Nazis Killed Her Husband, So Woman Buys Tank for Revenge Killing Rampage

People commit all kinds of strange acts in the name of love, and when those acts are fueled by revenge, things can get pretty ugly.

Case in point: In August 1941, when Mariya Vasilyevna learned that Nazis had killed her husband, an officer in the Soviet army, during battle. She quickly laid out a plan that would make John Wick envious.

She sold her belongings, bought a tank, and went on a Nazi killing spree.

Vasilyevna’s husband, Ilya Oktyabrskaya, was killed by the Germans in August 1941, according to War History Online.

When Vasilyevna heard of the news about one year later, she was furious.


Vasilyevna wrote to Soviet Premier Joseph Stalin and explained her plan.

“My husband was killed in action defending the motherland. I want revenge on the fascist dogs for his death and for the death of Soviet people tortured by the fascist barbarians,” she wrote.

“For this purpose, I’ve deposited all my personal savings — 50,000 rubles — to the National Bank in order to build a tank. I kindly ask to name the tank ‘Fighting Girlfriend’ and to send me to the frontline as a driver of said tank,” she said.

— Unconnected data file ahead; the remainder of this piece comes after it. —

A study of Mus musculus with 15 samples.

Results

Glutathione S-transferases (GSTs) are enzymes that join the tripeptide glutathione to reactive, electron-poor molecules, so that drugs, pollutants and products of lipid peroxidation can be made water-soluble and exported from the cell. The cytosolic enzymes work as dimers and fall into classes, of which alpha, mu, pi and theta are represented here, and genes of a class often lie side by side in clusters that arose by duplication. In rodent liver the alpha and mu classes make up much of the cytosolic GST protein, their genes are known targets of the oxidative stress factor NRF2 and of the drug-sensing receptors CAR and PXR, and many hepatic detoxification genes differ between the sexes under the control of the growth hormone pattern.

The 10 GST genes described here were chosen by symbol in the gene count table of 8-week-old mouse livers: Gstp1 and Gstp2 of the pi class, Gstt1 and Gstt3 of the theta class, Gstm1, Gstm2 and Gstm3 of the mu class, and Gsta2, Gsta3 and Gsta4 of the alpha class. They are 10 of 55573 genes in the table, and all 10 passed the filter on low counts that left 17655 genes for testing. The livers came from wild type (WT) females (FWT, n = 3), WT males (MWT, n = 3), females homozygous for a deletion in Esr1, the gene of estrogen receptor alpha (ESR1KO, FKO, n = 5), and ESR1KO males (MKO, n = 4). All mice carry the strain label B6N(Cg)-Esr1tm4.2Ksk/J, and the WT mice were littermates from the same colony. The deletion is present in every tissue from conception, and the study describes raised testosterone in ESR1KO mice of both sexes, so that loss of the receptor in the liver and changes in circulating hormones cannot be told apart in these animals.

Fortunately for Vasilyevna, she had learned how to drive armored vehicles and operate different weapons due to her experience in the group “Military Wives Council.”

The Soviet State Defense Committee apparently understood the value she provided, so they got her a T-34 medium tank and named it the “Fighting Girlfriend.”

Vasilyevna then underwent a five-month tank training program and was eventually assigned as a tank driver and mechanic in the 26th Guards Tank Brigade in September 1943.

The men might have laughed at her then, but within a short time, she proved herself as a qualified and fearless driver. In October of that same year, she charged German forces with her tank, destroying several anti-tank guns before her tank was struck. Against orders, she got out of the tank and repaired the damage while under heavy fire.

Once safely inside the tank, she rejoined the fight, and kept up the battle until the last of the Germans was gone.


In January 1944, Vasilyevna found herself in a similar situation where her tank had received damage under heavy fire. While attempting to repair it, she was hit with fragments from an anti-tank shell. The blast put her in a coma, from which she never recovered.

She was buried on March 15, 1944. In August of that year, she was named a Hero of the Soviet Union, the highest distinction for military valor in the Soviet Army.